David Wighton, founder of the West Shore Warriors basketball club, can trace his 55-year coaching career back to a single moment when his life was changed by a stranger at 14.
After winning a track meet in his hometown of Montreal, he went back to join his parents in the stands. He found them seated with a man who ran a track club, who told him he was quite a good runner and invited him to join.
“That decision, that inquiry by him – changed my life,” Wighton said.
That encounter set in motion a series of events. Wighton would go on to win provincial and national championships in cross country, represent Canada at a world cross country championship, and land an athletic scholarship at the University of Colorado. When he returned to Vancouver after university he began teaching, eventually earning a PhD in education.
His extensive experience working as a teacher and school administrator gave him a solid foundation to develop the Warriors’ training program. He founded the basketball club in 2009 after noticing a lack of support for basketball players on the West Shore.
Though Wighton is now retired, the program runs to this day, training young women to play in their local school teams. They also compete in the Victoria Night League against other teams in the region.
One of his proudest moments was having all four Warriors teams make the A division in the Victoria Night League championships, a division which only has eight spots. He said it’s the only time a club has achieved that distinction in the league’s history.
“That’s really revealing in terms of what’s happening in the program. It sort of reflects a lot of the things that we do as a program that nobody else does,” Wighton said.
He also believes in the power of sport to teach life-changing lessons and change lives off the court.
“You learn work habits, you learn to be focused, you learn to be sharing, you learn to play as a team. This is all positive, positive stuff for young people,” Wighton said. “We’ve had a lot of success at night league… This is a really good thing for people’s self-image, their confidence. It runs all the way through to all the other things in their life.”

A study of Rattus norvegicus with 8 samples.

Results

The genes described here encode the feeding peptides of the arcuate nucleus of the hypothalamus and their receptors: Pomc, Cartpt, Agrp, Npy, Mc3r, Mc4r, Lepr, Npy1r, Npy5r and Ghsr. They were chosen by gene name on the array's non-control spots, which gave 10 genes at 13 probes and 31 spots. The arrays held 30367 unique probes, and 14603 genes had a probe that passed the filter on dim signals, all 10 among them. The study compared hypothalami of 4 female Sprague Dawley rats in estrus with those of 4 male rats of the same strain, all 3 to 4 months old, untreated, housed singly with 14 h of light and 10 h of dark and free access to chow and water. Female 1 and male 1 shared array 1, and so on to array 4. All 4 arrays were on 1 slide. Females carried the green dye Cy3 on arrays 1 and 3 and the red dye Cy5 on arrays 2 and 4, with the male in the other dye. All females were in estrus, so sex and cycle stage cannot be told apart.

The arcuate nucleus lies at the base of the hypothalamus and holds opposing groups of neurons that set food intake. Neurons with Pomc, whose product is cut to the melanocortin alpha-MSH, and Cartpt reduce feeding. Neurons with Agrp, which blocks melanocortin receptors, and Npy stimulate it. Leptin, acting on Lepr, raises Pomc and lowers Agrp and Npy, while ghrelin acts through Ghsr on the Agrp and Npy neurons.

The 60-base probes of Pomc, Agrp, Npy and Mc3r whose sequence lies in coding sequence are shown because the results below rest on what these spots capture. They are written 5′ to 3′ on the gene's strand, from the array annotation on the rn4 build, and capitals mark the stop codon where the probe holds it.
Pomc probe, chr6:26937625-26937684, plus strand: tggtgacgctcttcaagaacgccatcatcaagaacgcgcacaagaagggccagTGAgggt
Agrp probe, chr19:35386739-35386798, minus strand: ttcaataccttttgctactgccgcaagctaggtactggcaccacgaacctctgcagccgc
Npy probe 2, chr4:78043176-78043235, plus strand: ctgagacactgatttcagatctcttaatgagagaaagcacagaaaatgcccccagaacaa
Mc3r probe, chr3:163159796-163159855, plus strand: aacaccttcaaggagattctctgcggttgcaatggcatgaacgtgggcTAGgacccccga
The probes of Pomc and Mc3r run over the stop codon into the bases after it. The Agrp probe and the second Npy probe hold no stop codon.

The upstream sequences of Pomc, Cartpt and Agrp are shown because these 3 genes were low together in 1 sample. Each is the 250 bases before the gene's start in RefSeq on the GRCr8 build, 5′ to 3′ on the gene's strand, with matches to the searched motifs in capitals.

Wighton has poured thousands of hours into coaching and worked to keep the program low-cost and accessible to as many people as possible. In the process, he’s coached hundreds of young women, some of whom have gone on to pursue sports at the post-secondary level.
In recalling his coaching career, he takes care to mention the support he and the Warriors program have had from many members of the West Shore community.
“I just want to emphasize that the success the Warriors program had is because of the coaches and all the parents,” Wighton said. “I didn’t do all this on my own.”
Wighton may have stepped off the court, but he isn’t twiddling his thumbs in retirement. He’s become a writer of young adult fiction. To date, he’s published 28 e-books that are available for free on Amazon.
It seems Wighton has been good at taking the things life has given him, and running with them. When asked to share an inspiring message with youth, he spoke about a hidden success that came from having a paper route in Montreal in the 1950s.
Day after day he trudged through the snow, weighed down with newspapers and a heavy coat. Through pure coincidence, he was actually doing a form of weight training, though he didn’t realize it until much later. By the time he started running, he said, the sport came naturally. But what does that have to do with basketball and life?
“In your life, there could be a secret way that you are being assisted in being successful,” Wighton said. “There’s something in you that’s a gift, that’s different from other people. Find that gift and work on it.”
Nominations for the 2022 Local Hero Awards West Shore open on Feb. 25. To learn more, go to hero.goldstreamgazette.com.